Indoor pollution: Silent and deadly- Smoke from cooking stoves kills poor people

September, 2010
The Economist

Two Berkeley professors are quoted in an article on indoor pollution in the Economist:

Another lesson of past failures, says Daniel Kammen, who runs the World Bank’s clean-energy programmes, is the need for better data about how stoves are actually used. That is increasingly possible, because cheap sensors can be embedded in stoves.


Virtual Electric Vehicle (EV) Test Drive


Now is the time for a surge in EV education and ‘success stories’ from early adopters

In just six months, major automakers will initiate one of the greatest experiments in modern automotive history: the roll-out of the mainstream electrified vehicle (EV). Over 30 models of EV are expected by 2013. The Virtual EV Test Drive project addresses three major education-based barriers which confront a consumer’s decision to buy an EV:

NYC Business Climate: finding Moore's Law of Sustainability

Tuesday, September 21, 2010 - 8:30am - 6:00pm

BusinessClimate 2010

Official Event of Climate Week New York City

Finding Moore’s Law for Sustainability

Applying Lessons from the Information Revolution to Build a Carbon-Constricted Economy

Addressing climate change by building a zero-carbon economy presents perhaps the greatest business opportunity of the 21st century. And it will require transformations of technology, policy and even management.

Just as the information economy organized around the management innovation that was Moore’s Law, the zero-carbon economy will also be organizing around its own guiding principle which will steer expectations, spur investment, and form industry clusters that will yield rapid yet stable growth.

BusinessClimate 2010 will bring together leaders of the business behind climate change to provide you with insights into how investments, people and ideas will shape the future of a carbon-constricted economy – both in the U.S. and globally.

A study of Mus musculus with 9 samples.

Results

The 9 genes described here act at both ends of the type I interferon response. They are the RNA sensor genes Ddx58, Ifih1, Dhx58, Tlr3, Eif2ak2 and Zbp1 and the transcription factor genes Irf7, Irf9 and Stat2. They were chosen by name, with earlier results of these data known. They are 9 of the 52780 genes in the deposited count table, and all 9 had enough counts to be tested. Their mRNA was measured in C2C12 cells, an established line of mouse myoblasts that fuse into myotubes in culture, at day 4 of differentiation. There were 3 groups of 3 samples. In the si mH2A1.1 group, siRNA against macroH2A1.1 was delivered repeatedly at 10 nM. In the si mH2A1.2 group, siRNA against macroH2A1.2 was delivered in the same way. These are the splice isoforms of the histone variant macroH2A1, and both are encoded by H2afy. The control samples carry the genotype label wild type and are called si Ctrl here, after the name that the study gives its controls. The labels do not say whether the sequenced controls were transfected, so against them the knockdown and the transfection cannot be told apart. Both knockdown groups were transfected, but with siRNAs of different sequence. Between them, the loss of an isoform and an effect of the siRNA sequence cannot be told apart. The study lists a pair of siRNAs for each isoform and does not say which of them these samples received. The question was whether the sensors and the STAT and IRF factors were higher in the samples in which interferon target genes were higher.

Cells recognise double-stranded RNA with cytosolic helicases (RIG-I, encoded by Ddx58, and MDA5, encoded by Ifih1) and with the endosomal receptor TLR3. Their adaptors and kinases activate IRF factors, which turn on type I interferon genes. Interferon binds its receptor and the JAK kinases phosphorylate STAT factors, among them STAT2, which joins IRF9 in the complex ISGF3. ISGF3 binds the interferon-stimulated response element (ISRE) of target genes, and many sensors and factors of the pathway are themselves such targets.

International Leader on Clean Energy Joins World Bank

Daniel M. Kammen to head programs to foster low-carbon growth in developing countries

WASHINGTON, September 9, 2010– The World Bank today announced the appointment of Professor of Energy Daniel M. Kammen of the University of California, Berkeley as the organization’s Chief Technical Specialist for Renewable Energy and Energy Efficiency. This is a new position created to provide strategic leadership on the policy, technical, and operational fronts. The aim is to enhance the operational impact of the Bank's renewable energy and energy efficiency activities while expanding the institution's role as an enabler of global dialogue on moving energy development to a cleaner and more sustainable pathway.

The appointment comes amid unprecedented demand from developing countries for World Bank support in their efforts to address development and climate change as interlinked challenges. This includes responding to the challenges in providing energy services to the one-and-a-half billion people who remain without access to clean, reliable, and affordable modern energy services.

I am delighted that Dan Kammen will be joining the Bank in this critical role at this critical time,” said Inger Andersen, World Bank Vice President for Sustainable DevelopmentWith Dan on board, we look forward to strong leadership and rich partnerships with many actors, in the public and private sectors, on this important topic.”